Social Security Q&A: Can I Get Survivor’s Benefits If My Spouse Died Young?

Social Security Q&A: Can I Get Survivor’s Benefits If My Spouse Died Young? Photo by Drop of Light / Shutterstock.com


My wife passed away two years ago at age 53. She worked full time since her early 20s. My age is 58 and I am employed full time. Do I qualify at any time to receive any benefits from my deceased wife’s Social Security account?

Must meet 2 requirements to collect

Keith, you do indeed qualify — at least potentially — for survivor’s benefits, provided you meet a couple of marital status requirements. The first one is that you and your deceased wife were married for longer than nine months. Although if the death was accidental, the nine-month requirement is waived.

The second requirement is that you are unmarried when you turn 60. Remarriage after turning 60 will not affect your eligibility for widower’s benefits on your deceased spouse’s record.

You can claim widower’s benefits as early as age 60. However, if you claim those benefits prior to your survivor’s full retirement age (FRA) of 66 and 6 months, you are hit with an early claiming penalty. (Note that the survivor’s FRA differs slightly from the FRA for retirement benefits.) This penalty is 28.5 percent if you claim at 60. Claiming at a later age reduces the penalty, and it falls to zero at your FRA.

Another issue: the earnings penalty

Keith, you state that you are working full time. If you continue working into your 60s, you face another issue: the earnings penalty. Presently, if you earn more than $17,640 a year, you lose $1 in Social Security benefits for every $2 earned over that amount prior to reaching your FRA. (This penalty is not as severe for the year when you reach your FRA.) So, while in principle you qualify for widower’s benefits, you may never receive them as long as the earnings penalty applies.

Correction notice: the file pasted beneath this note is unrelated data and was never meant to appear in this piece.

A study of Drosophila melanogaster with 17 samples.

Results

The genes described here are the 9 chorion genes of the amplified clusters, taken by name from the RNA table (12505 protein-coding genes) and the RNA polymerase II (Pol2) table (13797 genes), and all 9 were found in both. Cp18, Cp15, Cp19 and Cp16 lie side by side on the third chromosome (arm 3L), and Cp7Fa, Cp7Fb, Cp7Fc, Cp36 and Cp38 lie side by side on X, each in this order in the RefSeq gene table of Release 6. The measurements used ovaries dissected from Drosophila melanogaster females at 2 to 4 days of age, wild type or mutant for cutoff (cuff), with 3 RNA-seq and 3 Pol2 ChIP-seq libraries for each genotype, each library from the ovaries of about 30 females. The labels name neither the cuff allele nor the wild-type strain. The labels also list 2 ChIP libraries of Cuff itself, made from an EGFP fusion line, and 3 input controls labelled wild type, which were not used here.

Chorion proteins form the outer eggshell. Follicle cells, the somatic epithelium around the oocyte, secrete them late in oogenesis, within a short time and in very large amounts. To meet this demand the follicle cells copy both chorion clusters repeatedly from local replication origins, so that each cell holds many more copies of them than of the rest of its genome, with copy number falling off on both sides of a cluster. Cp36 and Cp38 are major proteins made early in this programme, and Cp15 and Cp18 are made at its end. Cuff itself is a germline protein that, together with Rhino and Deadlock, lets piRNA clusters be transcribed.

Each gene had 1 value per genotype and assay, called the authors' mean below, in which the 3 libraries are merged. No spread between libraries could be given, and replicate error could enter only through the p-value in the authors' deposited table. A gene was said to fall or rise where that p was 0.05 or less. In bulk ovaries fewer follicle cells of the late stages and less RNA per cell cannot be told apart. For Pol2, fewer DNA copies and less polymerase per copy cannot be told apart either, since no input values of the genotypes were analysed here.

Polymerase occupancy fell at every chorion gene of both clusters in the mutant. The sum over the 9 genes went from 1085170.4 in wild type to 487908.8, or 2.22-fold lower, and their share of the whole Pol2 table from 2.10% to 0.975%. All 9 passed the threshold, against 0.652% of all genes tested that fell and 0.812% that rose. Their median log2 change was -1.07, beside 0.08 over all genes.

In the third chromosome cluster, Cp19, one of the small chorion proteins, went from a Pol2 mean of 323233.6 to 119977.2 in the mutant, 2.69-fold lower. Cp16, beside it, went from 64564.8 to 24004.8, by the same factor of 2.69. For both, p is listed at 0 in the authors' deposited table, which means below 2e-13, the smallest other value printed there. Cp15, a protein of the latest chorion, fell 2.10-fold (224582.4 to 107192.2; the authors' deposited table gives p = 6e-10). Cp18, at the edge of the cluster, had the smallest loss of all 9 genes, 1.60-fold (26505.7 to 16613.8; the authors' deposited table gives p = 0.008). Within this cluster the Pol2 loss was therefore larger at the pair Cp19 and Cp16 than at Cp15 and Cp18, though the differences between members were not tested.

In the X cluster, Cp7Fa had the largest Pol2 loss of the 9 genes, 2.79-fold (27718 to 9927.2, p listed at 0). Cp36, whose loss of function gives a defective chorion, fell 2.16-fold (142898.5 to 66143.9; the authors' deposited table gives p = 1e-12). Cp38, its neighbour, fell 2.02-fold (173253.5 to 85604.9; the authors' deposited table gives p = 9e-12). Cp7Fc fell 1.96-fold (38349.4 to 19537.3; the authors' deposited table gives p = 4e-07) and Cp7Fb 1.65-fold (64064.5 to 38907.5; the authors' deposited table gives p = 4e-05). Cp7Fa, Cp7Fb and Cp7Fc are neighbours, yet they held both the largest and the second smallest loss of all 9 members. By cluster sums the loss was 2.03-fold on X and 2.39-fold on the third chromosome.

At the point where the earnings penalty no longer applies, you may find the following claiming strategy advantageous. You could claim widower’s benefits first, and then at age 70 switch to your own retirement benefits, assuming those benefits are larger.

Let’s suppose the widower’s benefits are large relative to your retirement benefits. In this instance, it may be financially advantageous to claim retirement benefits first (as early as age 62) and then switch to widower’s benefits at your FRA. Keep in mind that widower’s benefits do not continue to grow after a person reaches their FRA, so there is no advantage in waiting beyond FRA to claim them.

Keith, to find your most advantageous claiming strategy, you might want to seek professional help. Here is a good place to start.


I hold a doctorate in economics from the University of Wisconsin and taught economics at the University of Delaware for many years. In 2009, I co-founded SocialSecurityChoices.com, an internet company that provides advice on Social Security claiming decisions. You can learn more about that by clicking here.